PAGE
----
St. Joseph, patron of the Universal Church, patron of the poor, chosen to care for Mary and Jesus, had great plans. He fell in love with Mary, he wanted to wed her, the betrothal took place according to custom, and he was ready to go. The “plan” of a new life was launched. But something happened; life happened; the plan fell apart.
His beloved Mary was pregnant and Joseph was understandably upset and shocked since he was not the father. How could Mary do this to him? How could she give her body to another man? But he still loved her and did not want to shame her, the depth of his character emerging out of hurt and pain. Joseph would simply divorce her.
Until he had a dream, the first of three. Joseph, the dreamer, who allowed his grand plans to change the direction of his life and the world. In Matthew’s gospel, Joseph is center stage, with dreams and angelic messages, telling Joseph of the greater PLAN, God’s plan. This newborn child would be the long awaited Messiah in the line of King David, Joseph’s lineage. The prophecies were being fulfilled just according to the PLAN!!! Joseph surrendered to this plan by letting go of his deep hurt. He ACCEPTED the plan and its consequences, which would involve much suffering and the further alteration of new plans.
The census, the Magi, another dream warning Joseph of those who wanted to kill this newborn babe, and so the plan to go back home needed to change. He had to take Mary and Jesus to Egypt and flee there for safety. How deeply ironic that Joseph was sent to the very country his namesake ended up in slavery. This Joseph, the youngest son of the third great patriarchJacob, was sold by his own brothers and wore a multi-colored dreamcoat. He, too, dreamed, which changed the plan of his own life. The Joseph of Genesis and the Joseph of Matthew are mysteriously connected, creating a harmony between the Old and New Testaments.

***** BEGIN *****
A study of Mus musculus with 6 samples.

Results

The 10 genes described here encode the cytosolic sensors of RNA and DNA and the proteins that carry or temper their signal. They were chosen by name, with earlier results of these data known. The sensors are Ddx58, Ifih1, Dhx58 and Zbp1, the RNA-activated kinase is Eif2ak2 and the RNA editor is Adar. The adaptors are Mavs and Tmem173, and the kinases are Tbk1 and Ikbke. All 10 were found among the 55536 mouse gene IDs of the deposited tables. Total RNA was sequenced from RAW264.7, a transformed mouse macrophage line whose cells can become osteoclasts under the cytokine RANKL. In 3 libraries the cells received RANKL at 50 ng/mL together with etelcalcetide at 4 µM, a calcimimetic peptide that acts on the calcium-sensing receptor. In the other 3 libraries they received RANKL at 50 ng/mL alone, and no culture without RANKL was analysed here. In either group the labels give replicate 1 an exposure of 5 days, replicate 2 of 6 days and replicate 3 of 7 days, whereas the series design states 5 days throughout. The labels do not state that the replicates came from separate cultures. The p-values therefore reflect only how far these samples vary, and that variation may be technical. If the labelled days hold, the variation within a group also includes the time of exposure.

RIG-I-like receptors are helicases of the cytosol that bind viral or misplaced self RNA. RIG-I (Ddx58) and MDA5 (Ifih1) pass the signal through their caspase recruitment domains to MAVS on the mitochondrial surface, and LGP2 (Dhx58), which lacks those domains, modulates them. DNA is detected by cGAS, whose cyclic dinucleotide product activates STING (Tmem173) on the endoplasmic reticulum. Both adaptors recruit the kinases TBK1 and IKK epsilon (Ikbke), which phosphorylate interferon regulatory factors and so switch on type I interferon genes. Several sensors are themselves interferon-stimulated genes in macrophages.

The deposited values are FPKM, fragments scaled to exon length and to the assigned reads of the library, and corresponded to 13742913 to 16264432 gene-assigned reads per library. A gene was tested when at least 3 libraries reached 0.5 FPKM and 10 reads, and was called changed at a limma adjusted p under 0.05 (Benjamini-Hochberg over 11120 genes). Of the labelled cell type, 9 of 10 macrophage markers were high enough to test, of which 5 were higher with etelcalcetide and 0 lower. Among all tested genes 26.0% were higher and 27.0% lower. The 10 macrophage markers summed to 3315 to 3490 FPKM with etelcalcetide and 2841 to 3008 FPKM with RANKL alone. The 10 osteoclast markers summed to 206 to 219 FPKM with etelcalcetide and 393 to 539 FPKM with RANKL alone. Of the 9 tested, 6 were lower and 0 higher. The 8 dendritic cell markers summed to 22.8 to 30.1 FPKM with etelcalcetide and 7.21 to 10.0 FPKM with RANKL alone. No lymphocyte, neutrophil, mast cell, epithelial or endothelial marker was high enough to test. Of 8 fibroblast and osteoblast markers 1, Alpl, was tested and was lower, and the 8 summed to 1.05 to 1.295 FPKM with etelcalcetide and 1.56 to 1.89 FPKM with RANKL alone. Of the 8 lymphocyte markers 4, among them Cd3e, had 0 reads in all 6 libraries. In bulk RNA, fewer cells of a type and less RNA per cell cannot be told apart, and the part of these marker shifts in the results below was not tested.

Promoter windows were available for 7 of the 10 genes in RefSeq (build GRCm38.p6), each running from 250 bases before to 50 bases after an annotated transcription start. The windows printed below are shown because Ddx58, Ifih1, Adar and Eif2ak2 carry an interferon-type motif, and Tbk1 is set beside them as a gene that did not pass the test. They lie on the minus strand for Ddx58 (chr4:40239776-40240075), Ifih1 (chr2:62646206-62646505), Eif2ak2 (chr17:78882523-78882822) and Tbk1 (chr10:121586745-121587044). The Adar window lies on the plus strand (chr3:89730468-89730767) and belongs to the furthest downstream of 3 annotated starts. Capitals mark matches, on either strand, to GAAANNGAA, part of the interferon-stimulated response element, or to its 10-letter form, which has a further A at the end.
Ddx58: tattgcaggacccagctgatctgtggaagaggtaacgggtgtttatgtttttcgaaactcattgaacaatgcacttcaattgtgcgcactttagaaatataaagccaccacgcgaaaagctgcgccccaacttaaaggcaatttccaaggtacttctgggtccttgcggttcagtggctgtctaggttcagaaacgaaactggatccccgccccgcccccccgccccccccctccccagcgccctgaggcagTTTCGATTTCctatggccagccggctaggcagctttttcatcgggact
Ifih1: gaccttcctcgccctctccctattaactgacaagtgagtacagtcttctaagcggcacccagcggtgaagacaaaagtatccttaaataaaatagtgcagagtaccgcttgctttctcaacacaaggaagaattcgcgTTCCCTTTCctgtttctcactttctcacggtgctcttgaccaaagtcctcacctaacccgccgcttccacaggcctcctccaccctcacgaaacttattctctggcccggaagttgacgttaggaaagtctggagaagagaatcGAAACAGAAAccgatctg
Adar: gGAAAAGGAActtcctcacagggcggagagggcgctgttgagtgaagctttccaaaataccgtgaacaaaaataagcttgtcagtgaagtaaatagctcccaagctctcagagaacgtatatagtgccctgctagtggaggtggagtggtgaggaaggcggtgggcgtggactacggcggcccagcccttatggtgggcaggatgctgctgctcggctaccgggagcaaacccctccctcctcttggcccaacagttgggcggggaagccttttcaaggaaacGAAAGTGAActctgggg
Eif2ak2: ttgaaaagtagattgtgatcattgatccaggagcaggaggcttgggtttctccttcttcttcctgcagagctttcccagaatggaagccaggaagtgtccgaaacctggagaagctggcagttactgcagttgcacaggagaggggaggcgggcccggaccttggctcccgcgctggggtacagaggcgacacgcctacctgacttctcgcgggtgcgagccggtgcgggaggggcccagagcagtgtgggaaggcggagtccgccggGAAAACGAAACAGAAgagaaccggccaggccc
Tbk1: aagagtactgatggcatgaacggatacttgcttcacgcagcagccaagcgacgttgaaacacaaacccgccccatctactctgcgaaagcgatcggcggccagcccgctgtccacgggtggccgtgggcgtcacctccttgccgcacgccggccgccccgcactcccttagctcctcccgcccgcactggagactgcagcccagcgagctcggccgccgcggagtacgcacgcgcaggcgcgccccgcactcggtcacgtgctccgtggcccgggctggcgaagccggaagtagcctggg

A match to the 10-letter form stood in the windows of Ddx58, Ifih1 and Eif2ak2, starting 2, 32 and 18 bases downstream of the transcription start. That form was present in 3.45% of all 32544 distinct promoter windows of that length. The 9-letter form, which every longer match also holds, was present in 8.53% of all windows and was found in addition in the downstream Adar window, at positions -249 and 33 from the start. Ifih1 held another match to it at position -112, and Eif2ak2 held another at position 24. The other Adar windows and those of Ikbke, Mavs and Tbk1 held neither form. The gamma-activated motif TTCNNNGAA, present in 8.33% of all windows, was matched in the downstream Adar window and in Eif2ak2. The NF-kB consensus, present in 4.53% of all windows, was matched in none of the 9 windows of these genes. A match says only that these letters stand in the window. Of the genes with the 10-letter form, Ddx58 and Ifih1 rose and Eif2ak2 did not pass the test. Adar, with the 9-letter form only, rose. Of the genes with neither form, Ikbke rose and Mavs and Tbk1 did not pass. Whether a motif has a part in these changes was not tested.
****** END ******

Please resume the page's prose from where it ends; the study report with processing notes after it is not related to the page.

Joseph teaches us the beauty of being in the background of the story, for he was center stage for just a brief moment in time, and then he was never mentioned again. Mary became the heart of this story, which unfolded in Nazareth leading to Jerusalem and the Cross. Joseph accepted his part of the PLAN: to move off center stage and in the shadows of the beautiful mystery of salvation.
Joseph teaches us to recede in the background and let the light shine on others in humility. He teaches us to deflate the ego and it’s insatiable need to control outcomes and plans. Joseph, the great humble Saint, teaches us that most plans will most certainly change as life intervenes. People in relationships, families, friendships, parish endeavors, careers... all must adapt to new, unexpected situations. Change is a part of life.
May we, like Joseph, surrender to the Dream, God’s Dream, for each and every one of us.